Sustainability continues to be a hot topic in the fashion industry, both in ads and in lawsuits related to those ads. Last month, a plaintiff filed a proposed class action against H&M arguing that the company makes various false claims about the sustainability of its products. The lawsuit seems to be prompted by a June 28, 2022 article published in Quartz with the results of an investigation which allegedly demonstrated that “H&M showed customers environmental scorecards for its clothing that were misleading and, in many cases, outright deceptive.”
Leaning on the Quartz article, the complaint alleges that the company “conveniently and egregiously” presented negative results as positive ones in its scorecards. For example, one scorecard claimed that a dress “was made with 20% less water on average,” when Quartz determined that the dress “was actually made with 20% more water.” The plaintiff claims that “a majority” of the products that H&M markets as being sustainably-made are actually “no more sustainable than items in [its] main collection, which are also not sustainable.”
(H&M removed the scorecards, which were based on the Higg MSI calculations, shortly after Quartz published the article. Facing scrutiny over its use of Higg MSI, the Sustainable Apparel Coalition also announced that it was pausing the use of the tool, pending further investigation. Critics who think that Higg MSI doesn’t measure enough of a product’s lifecycle are happy with that decision, but members of the Coalition and others who rely on Higg MSI are left to wonder what’s next.)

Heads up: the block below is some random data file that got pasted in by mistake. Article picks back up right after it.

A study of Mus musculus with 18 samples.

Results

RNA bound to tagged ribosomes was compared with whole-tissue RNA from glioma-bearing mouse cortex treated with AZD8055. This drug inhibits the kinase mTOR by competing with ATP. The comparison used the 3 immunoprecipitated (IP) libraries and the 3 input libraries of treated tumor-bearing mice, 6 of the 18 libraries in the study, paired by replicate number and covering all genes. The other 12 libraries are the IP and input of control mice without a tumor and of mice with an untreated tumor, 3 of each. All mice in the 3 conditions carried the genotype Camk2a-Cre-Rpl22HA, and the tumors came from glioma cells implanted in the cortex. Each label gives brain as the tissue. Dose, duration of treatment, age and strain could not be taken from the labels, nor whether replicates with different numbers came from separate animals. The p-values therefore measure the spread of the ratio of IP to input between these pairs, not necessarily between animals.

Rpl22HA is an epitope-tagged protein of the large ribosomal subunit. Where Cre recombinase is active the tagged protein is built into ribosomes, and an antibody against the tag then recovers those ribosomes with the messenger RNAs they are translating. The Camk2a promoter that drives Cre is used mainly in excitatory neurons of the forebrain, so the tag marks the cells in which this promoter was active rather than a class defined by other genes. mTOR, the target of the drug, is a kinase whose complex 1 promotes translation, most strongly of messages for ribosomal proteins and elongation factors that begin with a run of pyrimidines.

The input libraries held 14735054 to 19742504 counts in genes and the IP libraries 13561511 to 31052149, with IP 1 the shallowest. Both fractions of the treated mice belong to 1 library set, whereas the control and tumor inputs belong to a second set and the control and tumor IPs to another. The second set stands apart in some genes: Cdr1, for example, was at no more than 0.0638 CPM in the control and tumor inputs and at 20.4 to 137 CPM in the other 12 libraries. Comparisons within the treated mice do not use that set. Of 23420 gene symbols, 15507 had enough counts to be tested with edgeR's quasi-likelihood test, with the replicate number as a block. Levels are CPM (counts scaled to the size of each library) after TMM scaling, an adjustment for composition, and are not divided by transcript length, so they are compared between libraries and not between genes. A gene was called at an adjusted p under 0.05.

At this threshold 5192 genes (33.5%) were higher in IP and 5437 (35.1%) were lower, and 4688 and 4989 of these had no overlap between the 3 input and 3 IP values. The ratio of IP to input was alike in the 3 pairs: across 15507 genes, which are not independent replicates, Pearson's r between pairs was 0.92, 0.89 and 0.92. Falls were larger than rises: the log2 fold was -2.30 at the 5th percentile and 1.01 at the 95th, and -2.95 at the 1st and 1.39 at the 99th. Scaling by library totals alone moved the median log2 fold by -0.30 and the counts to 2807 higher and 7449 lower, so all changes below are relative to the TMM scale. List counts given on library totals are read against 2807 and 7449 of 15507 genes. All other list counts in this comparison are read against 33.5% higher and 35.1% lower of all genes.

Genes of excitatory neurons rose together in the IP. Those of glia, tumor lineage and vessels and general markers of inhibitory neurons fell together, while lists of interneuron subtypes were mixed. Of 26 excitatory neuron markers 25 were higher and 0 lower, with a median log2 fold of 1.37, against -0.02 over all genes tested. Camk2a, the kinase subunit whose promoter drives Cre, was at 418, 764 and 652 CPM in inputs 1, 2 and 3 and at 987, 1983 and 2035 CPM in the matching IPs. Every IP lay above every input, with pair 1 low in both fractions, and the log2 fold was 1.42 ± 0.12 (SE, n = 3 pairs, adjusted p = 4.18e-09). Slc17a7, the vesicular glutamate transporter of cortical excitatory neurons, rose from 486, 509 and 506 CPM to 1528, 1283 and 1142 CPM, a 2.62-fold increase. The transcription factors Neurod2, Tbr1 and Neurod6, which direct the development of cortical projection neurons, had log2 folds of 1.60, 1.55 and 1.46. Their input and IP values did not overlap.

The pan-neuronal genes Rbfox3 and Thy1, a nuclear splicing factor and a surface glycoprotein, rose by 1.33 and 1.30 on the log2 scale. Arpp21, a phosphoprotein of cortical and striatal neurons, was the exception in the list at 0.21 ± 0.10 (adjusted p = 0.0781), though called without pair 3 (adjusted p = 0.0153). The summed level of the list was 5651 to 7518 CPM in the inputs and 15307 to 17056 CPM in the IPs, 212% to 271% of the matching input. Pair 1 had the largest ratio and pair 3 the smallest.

The plaintiff looks beyond the article and cites a number of other claims that allegedly mislead consumers, including claims that products are a “conscious choice,” a “shortcut to sustainable choices,” and made from “sustainable materials.” Moreover, the plaintiff alleges that statements that H&M will prevent its clothes “from going to landfill” through its recycling program are also misleading because recycling options are not commercially available on a large enough scale. According to the complaint, “it would take H&M more than a decade to recycle what it sells in a matter of days.”
The complaint covers a lot of ground, and it’s too early to predict how the case will turn out. Nevertheless, the case serves as another reminder that green claims continue to face scrutiny from a number of sources, including competitors, regulators, plaintiffs’ attorneys, and the press. Negative attention from one source can lead to negative attention from others. It’s important for companies to ensure that their claims are backed by solid evidence and that the language they use is closely tailored to that evidence.